Bubbe's Chicken Soup Sausage.Andrea Pyenson

Vegetable-forward sausages may sound like an oxymoron. But these unique creations from Seemore Meats & Veggies, co-founded by Cara Nicoletti and Erin Patinkin, are a satisfying solution for those who love their links but are looking to reduce their meat consumption. Wellesley native Nicoletti, who earned her chops over 10 years as a butcher, baker, and author, began making sausages while working at The Meat Hook, a whole animal butcher shop in Brooklyn. A fourth-generation butcher, she named the company for her grandfather, Seymour Salett, who was co-owner of Salett’s Inc., a wholesale and retail meat business in Newton, until 2002.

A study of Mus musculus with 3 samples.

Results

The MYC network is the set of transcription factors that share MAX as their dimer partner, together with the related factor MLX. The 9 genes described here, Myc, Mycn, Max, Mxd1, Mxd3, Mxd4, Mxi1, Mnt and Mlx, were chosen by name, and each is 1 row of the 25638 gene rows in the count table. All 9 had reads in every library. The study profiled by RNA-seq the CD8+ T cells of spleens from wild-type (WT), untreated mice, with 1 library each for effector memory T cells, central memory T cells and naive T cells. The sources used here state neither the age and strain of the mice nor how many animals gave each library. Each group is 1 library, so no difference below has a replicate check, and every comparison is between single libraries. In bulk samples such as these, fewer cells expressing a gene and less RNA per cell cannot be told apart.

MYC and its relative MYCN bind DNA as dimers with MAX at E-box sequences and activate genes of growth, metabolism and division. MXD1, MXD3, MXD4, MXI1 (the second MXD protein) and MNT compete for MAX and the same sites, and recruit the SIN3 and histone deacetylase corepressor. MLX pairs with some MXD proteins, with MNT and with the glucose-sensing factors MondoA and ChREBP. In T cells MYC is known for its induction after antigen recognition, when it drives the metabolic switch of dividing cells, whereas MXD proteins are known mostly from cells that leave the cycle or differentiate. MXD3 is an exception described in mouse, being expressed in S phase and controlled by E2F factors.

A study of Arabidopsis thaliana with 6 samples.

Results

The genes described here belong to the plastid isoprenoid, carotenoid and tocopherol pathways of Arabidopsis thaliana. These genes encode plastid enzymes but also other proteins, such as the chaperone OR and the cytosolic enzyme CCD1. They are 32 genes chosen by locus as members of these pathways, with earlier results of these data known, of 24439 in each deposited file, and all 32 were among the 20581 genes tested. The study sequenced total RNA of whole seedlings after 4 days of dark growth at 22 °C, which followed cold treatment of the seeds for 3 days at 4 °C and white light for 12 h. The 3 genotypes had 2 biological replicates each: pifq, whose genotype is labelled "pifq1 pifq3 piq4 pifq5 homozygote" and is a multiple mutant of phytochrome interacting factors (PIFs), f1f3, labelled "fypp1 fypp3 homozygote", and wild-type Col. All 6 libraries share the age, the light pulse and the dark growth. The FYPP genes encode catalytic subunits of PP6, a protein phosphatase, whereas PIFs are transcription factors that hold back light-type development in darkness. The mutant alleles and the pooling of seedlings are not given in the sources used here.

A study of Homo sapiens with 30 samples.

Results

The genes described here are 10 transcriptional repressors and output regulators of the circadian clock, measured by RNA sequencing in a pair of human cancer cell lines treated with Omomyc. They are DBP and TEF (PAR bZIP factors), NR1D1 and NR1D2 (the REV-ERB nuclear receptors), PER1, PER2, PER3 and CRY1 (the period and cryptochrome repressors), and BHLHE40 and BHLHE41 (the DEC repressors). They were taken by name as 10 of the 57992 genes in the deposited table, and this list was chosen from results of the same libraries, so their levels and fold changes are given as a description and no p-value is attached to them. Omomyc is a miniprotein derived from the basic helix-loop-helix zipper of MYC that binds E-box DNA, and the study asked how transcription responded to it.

Nicoletti began to incorporate vegetables into her sausages because she was disturbed by the effects of the meat industry and meat consumption on the environment. Starting with leftover vegetable scraps she got at the end of every week from the greengrocer attached to The Meat Hook, she developed several varieties that were full of flavor and visually striking. They were an instant hit. It was “kind of like a puzzle,” she says, of figuring out the best vegetable-meat-spice combinations. Because vegetables are composed largely of water, there is a limit to how many can be used per batch before the sausages’ texture is destroyed. When she was making fresh sausages, Nicoletti was able to use up to 60 percent vegetables.


Delicious on their own, eaten in a bun like a hot dog, or incorporated into other dishes, Seemore Meats & Veggies sausages are available at Whole Foods throughout Massachusetts (four for $8.99) and, as of Feb. 14, at www.eatseemore.com.